The multi-cultural, multi seasonal wardrobe

Ahlya Fateh


Yes I was sitting in London swathed in cashmere in June – this is summer in the UK where it is so cold that we still have our heating on full blast and I am taking a hot water bottle to bed with me. Now, I work in fashion so my SS13 purchases have been hanging in my wardrobe since March but have I been able to wear any of them? No, because I am still rocking my winter coats and boots and I am not about to risk frostbite for a strappy summer dress that will soon become obsolete when my new AW13 duds arrive in August! For this is the paradox that is the fashion world; designers have to get summer clothes into the stores in winter and autumn gear to our stockists in the height of summer. Then throw in Resort and Pre-fall collections which are supposed to cater to everything in between and you sense that it is only a matter of time before we are in a situation of ALL seasons ALL of the time!

A global wardrobe

Thanks to the ease of travel and the fact that we all seem to be living across several continents at any one time, so must our wardrobe too face up to the challenges of a swing of twenty degrees centigrade. As a woman who travels regularly back to her Pakistani homeland, one must be able to move seamlessly from skinny jean and ballet pumps to flowing cotton shalwar kameezes and jewelled sandals and back again without batting a false eyelash. I was lucky enough to be a guest at Pakistan Fashion Week last month I was amazed to see how many of the designers are designing western wear as part of their collections. This is all due to the amount of mobility amongst their clients I was told. A young woman may live in Dubai, have family in Karachi, study in Washington, intern in London and holiday in Ibiza and needs a closet full of clothes that are current whatever the weather or social occasion. However, all this multiculturalism leads to another quandary...Where to store all these garments? I have a closet for shoes, for evening wear, for day wear, for saris and shalwar kameezes, the list is endless but my cupboard space isn’t.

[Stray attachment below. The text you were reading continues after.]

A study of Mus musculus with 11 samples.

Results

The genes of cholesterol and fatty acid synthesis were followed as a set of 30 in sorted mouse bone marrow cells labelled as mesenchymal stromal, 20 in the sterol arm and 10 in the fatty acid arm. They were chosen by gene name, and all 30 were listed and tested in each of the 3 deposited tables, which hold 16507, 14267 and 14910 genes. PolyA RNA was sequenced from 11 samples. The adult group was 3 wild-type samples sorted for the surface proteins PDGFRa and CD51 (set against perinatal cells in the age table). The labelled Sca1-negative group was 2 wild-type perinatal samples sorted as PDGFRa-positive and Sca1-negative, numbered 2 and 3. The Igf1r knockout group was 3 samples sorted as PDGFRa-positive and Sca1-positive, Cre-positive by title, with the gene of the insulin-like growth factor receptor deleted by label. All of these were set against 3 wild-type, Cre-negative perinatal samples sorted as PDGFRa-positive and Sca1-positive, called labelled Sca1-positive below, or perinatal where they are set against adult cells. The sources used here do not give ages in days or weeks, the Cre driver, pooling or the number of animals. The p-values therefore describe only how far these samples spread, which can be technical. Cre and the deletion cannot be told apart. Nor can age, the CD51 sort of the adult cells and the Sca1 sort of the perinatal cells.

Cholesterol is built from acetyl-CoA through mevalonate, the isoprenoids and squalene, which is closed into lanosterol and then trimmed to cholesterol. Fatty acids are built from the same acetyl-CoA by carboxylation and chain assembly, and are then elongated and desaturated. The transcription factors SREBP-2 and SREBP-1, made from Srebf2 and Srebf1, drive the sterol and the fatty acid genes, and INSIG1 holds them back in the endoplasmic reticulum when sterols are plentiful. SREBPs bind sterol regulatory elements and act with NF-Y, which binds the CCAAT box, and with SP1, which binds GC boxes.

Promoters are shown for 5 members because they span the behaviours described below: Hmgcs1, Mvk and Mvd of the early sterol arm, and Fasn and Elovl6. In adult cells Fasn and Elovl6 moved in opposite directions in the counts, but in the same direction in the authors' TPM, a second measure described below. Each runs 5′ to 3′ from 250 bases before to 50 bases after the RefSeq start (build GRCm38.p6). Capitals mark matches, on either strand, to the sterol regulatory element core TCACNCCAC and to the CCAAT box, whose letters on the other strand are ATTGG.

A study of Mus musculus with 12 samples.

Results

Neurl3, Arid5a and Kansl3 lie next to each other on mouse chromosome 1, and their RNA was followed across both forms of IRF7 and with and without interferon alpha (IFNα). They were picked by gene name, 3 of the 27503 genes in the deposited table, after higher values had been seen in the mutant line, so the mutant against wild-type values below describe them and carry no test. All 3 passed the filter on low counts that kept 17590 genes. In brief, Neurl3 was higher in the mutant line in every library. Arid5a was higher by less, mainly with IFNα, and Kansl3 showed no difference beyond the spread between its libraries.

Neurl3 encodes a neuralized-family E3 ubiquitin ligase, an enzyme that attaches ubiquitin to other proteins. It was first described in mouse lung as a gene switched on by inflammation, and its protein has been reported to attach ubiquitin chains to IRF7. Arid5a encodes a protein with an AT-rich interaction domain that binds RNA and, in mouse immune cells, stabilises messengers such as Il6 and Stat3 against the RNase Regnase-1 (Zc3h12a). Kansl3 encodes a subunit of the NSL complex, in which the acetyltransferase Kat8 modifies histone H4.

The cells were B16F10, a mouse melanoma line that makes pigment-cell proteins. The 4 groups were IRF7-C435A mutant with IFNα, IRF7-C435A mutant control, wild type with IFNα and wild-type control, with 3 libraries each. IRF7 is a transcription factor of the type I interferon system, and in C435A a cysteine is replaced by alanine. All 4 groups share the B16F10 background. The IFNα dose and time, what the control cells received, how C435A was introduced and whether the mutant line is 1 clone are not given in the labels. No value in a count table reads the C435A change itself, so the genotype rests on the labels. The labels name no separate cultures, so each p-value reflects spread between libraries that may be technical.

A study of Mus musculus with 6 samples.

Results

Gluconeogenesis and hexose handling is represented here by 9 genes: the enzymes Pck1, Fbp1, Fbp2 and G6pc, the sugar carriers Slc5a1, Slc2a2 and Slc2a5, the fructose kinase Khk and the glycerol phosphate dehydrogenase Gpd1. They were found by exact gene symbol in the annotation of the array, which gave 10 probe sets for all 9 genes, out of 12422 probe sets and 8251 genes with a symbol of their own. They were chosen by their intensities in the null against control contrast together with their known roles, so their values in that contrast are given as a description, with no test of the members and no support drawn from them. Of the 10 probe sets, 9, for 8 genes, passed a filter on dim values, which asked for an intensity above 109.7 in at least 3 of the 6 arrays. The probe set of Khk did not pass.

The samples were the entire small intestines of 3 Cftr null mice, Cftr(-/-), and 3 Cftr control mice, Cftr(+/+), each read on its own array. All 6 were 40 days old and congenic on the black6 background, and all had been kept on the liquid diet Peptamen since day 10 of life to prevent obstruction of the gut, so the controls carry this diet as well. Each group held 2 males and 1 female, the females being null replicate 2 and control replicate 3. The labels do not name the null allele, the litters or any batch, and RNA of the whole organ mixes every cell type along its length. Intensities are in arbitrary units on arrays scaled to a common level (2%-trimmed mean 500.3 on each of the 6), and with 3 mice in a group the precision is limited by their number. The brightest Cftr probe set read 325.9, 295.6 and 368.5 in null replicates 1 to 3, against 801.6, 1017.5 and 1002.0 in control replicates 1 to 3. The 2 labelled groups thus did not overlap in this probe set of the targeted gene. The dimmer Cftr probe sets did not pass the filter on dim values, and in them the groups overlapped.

The other day my husband caught me in the spare room with a tape measure, as I seriously tried to convince him that as we never had guests the space would be better employed as a walk in wardrobe! His suggestion that I edit down the rails of existing clutter and put what I didn’t wear into storage was met with horror and disdain. How could I get rid of summer clothes when the weatherman keeps telling me that a heatwave is on its way? Did he not see that I needed access to shawls and sweaters at all times when it was possible that freezing temperatures might hit at any time?

While I was pleading my case (not very convincingly) it was left to my daughters to have the last word on the subject.

“Mama needs ALL her clothes because she does EVERYTHING!”

There you have it, I just need a superwoman outfit and I am all set.
With extensive publishing experience and significant knowledge of the fashion, retail and luxury industries, Ahlya Fateh is currently a highly regarded senior executive who combines a strong creative vision with an astute strategic understanding and exceptional management skills. In 2010 Ahlya was brought in by Tata Naka as Managing Director to re-launch the fashion brand at London Fashion Week. Previously Ahlya was Managing Editor of Tatler magazine from 2001 to 2010.

Disclaimer: Views expressed by writers in this section are their own and do not reflect Al Arabiya English's point-of-view.